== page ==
Half of the S&P will have reported by the end of the day Friday, and it is turning into an extraordinary quarter. Earnings are up nearly 14 percent from last year ago, and they keep rising, according to Thomson Reuters.
That is a blended estimate and includes companies that have not reported yet. Counting just the companies that have already reported, earnings are up 15.3 percent.
Far more companies are beating estimates (nearly 80 percent) than the average (64 percent), and they are beating by a wider margin.
Most importantly, revenue growth has returned. The earnings gains are no longer coming primarily from cost cutting. Revenue growth is at 7.7 percent, near the highest in years. In addition, 82 percent of companies are beating the revenue estimates (also far higher than the 60 percent average). As they have done with earnings, companies are beating the estimates by a wider margin, 6.1 percent. That is also about twice the average of 3.1 percent.
The “reflation trade,” or the bet on an expanding global economy, can be seen in the estimates for cyclical companies. There is notable growth in estimates for materials, 31.6 percent, energy, 139.6 percent, and industrials, 6.8 percent. Excluding GE, industrials would see growth of 15.9 percent.
First-quarter earnings estimates have also been rising.
Q1 Earnings estimates
Oct. 1: up 10.6 percent
Jan. 1: up 12.2 percent
Feb. 2: up 14 percent
Of course, these numbers will eventually level off, but what is remarkable is analysts are expecting double-digit earnings growth in the next four quarters across the board: in the S&P Small Cap 600, the S&P Midcap 400 and the S&P 500.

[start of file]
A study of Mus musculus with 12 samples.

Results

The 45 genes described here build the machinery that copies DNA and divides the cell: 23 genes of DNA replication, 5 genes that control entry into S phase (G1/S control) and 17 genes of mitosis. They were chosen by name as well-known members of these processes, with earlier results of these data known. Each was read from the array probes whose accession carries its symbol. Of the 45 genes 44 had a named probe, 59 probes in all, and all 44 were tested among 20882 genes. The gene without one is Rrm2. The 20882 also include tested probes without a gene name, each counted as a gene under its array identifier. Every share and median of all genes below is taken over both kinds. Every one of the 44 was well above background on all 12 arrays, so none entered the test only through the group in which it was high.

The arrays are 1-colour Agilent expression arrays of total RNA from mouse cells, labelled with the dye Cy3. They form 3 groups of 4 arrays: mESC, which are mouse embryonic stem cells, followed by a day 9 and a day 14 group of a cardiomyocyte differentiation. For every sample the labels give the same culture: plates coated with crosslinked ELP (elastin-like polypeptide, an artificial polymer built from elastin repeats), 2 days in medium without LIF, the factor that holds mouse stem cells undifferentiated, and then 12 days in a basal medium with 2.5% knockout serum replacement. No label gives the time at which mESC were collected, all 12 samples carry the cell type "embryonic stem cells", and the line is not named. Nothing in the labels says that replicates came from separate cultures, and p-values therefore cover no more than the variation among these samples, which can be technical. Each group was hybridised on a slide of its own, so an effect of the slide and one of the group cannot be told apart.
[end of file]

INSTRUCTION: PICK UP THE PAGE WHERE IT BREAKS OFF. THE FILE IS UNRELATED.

What could derail this gravy train? Friday’s jobs report, which indicates that wages have grown 2.9 percent year over year, the strongest since 2009. While that is good news for American workers, it is causing agita for traders.
The market has not been freaked out about higher interest rates, but beginning in mid-January, the velocity of change in rates began to accelerate. We went from 2.5 percent in the 10-year Treasury yield to 2.8 percent in about three weeks, and that is a bit too fast for traders. They are being forced to adjust their thinking about the number of possible Fed rate hikes this year from three to possibly four.
“This wage number will be looked upon as supporting those looking for four hikes this year,” independent bond analyst Adrian Miller told me.